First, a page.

How Brazil Could Become a Regional Leader on Data Protection

A bill passed yesterday by Brazil’s Lower House marks a major step forward in the push for privacy.


The world is awash in data. Each minute, people around the globe take 47,000 Uber trips, write 456,000 tweets, conduct 3.6 million Google searches and receive 103 million spam emails. Every day they create over 2.5 quintillion bytes of information. Personal data given up by mobile phones and computers is the energy – the new oil – that drives the global economy.

All that data floating around raises serious questions about what businesses and government agencies can and cannot do with it. Some countries, particularly in the European Union (EU), have moved quickly to respond to citizen concerns about data privacy, while others, like the U.S., lag behind. Brazil, for the most part, has been a laggard. At least until yesterday.

On May 29, Brazil’s Lower House approved legislation that would require all public and private entities operating in the country to receive consent in order to store a user or client’s personal data. Among other measures, the bill also sets out general rules for public access to data, including requiring personal information to be destroyed after client or user relationships end. If approved by the Senate, the new law will dramatically reshape the rules for government agencies and private companies alike.

The move comes after months of political wrangling and years of simmering concern over privacy. Brazilians were particularly irked by Edward Snowden’s revelations of mass data collection and espionage by the United States back in 2013. More recent data-mining scandals, including those involving Cambridge Analytica and its Brazilian counterparts, which collected data on over 433,000 Brazilians, ratcheted-up the calls for reform.

New requirements as part of the the EU’s General Data Protection Law (GDPR), passed in 2016, also dramatically increased pressure on Brazilian authorities. Building on a 1995 Data Protection Directive, the GDPR lays out the basic rights for how personal data of EU citizens can be used, stored and processed. This privacy law has teeth. On the day the GDPR came into effect, privacy activists filed claims against Facebook and Google that could result in $9.3 billion in fines.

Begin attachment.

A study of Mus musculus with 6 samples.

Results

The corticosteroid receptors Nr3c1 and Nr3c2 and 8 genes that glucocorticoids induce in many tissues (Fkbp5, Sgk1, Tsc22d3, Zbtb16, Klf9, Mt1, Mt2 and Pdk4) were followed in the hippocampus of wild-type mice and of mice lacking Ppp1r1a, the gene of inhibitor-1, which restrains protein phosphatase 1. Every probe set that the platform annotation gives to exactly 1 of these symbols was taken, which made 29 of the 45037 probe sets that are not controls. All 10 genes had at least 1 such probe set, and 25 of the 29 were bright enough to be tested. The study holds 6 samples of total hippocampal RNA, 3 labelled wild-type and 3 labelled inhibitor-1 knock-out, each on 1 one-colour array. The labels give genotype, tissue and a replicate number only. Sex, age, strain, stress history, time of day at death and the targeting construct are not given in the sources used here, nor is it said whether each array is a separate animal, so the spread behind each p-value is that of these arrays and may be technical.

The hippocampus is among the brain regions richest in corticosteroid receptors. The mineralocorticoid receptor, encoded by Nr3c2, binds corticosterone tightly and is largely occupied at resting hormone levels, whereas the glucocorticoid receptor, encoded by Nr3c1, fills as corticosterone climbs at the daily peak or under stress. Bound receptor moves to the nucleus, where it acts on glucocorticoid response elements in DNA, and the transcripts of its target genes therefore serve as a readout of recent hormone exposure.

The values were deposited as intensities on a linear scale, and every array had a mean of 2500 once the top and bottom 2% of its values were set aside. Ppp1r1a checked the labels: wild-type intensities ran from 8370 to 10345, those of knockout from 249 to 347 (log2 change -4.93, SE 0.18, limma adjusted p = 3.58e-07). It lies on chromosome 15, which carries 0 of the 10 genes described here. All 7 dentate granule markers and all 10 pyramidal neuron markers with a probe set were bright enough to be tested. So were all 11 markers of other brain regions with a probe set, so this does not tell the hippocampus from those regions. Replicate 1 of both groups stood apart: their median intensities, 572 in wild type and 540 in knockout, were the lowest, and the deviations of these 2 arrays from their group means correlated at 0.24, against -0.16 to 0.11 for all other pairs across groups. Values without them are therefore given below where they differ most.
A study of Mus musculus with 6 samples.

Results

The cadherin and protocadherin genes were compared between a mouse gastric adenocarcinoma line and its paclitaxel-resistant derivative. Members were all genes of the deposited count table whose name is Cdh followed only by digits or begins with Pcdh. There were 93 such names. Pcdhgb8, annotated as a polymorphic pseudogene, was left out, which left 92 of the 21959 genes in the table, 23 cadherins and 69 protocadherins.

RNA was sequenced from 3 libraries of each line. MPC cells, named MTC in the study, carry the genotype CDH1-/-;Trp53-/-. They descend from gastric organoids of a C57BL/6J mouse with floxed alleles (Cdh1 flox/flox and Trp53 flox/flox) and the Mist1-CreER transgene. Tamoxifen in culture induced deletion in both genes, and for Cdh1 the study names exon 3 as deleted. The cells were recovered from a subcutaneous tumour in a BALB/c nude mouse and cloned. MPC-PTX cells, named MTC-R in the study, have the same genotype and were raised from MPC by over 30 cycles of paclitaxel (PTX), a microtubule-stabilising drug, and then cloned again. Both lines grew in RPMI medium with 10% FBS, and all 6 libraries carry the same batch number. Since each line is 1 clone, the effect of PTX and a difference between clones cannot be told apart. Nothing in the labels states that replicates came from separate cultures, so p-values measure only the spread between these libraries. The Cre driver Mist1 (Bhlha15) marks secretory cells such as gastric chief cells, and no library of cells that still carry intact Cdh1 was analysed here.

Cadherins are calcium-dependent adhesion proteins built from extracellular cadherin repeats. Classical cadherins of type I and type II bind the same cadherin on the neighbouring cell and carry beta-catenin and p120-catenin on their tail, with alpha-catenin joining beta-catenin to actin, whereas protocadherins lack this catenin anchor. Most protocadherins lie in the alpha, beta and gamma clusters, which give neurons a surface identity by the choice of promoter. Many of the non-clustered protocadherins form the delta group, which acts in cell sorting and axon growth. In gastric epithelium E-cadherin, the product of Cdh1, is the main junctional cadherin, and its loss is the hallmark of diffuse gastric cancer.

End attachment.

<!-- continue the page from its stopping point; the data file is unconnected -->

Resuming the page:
While the costs of GDPR compliance are high, the benefits are extensive, including for Brazilians. What makes the new EU legislation so powerful is that it applies to anyone handling personal details of EU citizens anywhere. For better and worse, the new legislation is setting a precedent for data protection around the world. Citizens who come into contact with governments and companies under GDPR jurisdiction can now exercise their rights, including to be forgotten, to access their own data, and to obtain and reuse their personal data.

Civil liberties activists are clamoring for similar legislation in the U.S. and elsewhere. While the bill passed yesterday in Brazil doesn’t quite rise to the level of the GDPR, it is a step in the right direction.

Brazil’s legislation incorporates many concrete provisions to protect privacy and curb discriminatory profiling. Importantly, it would also require the creation of two new institutions to carry these measures forward. If passed, the government will be required to establish a Data Protection Authority and a National Council for the Protection of Personal Data. These new bodies will be made up of an array of stakeholders, albeit mostly public authorities, with the express purpose of implementing and monitoring the new law. Once it is formally adopted, Brazilian public and private entities will have a year and a half to comply.

The step toward a new data protection law represents a stunning victory for Brazil’s digital rights campaigners. Despite major cyber breaches and risks to personal data, Brazil has to this point been slow to strengthen its data protection rules. Lawmakers have been distracted by never-ending political scandals, economic volatility, security crises, and looming presidential elections. National security prerogatives often trump personal freedoms.

The bill passed yesterday by the Lower House would do much to consolidate and improve upon a patchwork of at least 30 laws on digital privacy that Brazil currently on the books. This progress on data protection now lies with the Senate.

Comprehensive privacy and data protection laws like the GDPR have effects extending far beyond their borders. The GDPR has helped revitalize Brazil’s data protection legislation, and the digital rights of Brazilians everywhere. While there is still work to be done, today data protection is a fact of life. And that is good news, for a change.

Muggah is the co-founder of the Igarapé institute and the SecDev Group and Foundation. Hurel coordinates Igarapé Institute´s cyber security and digital liberties projects.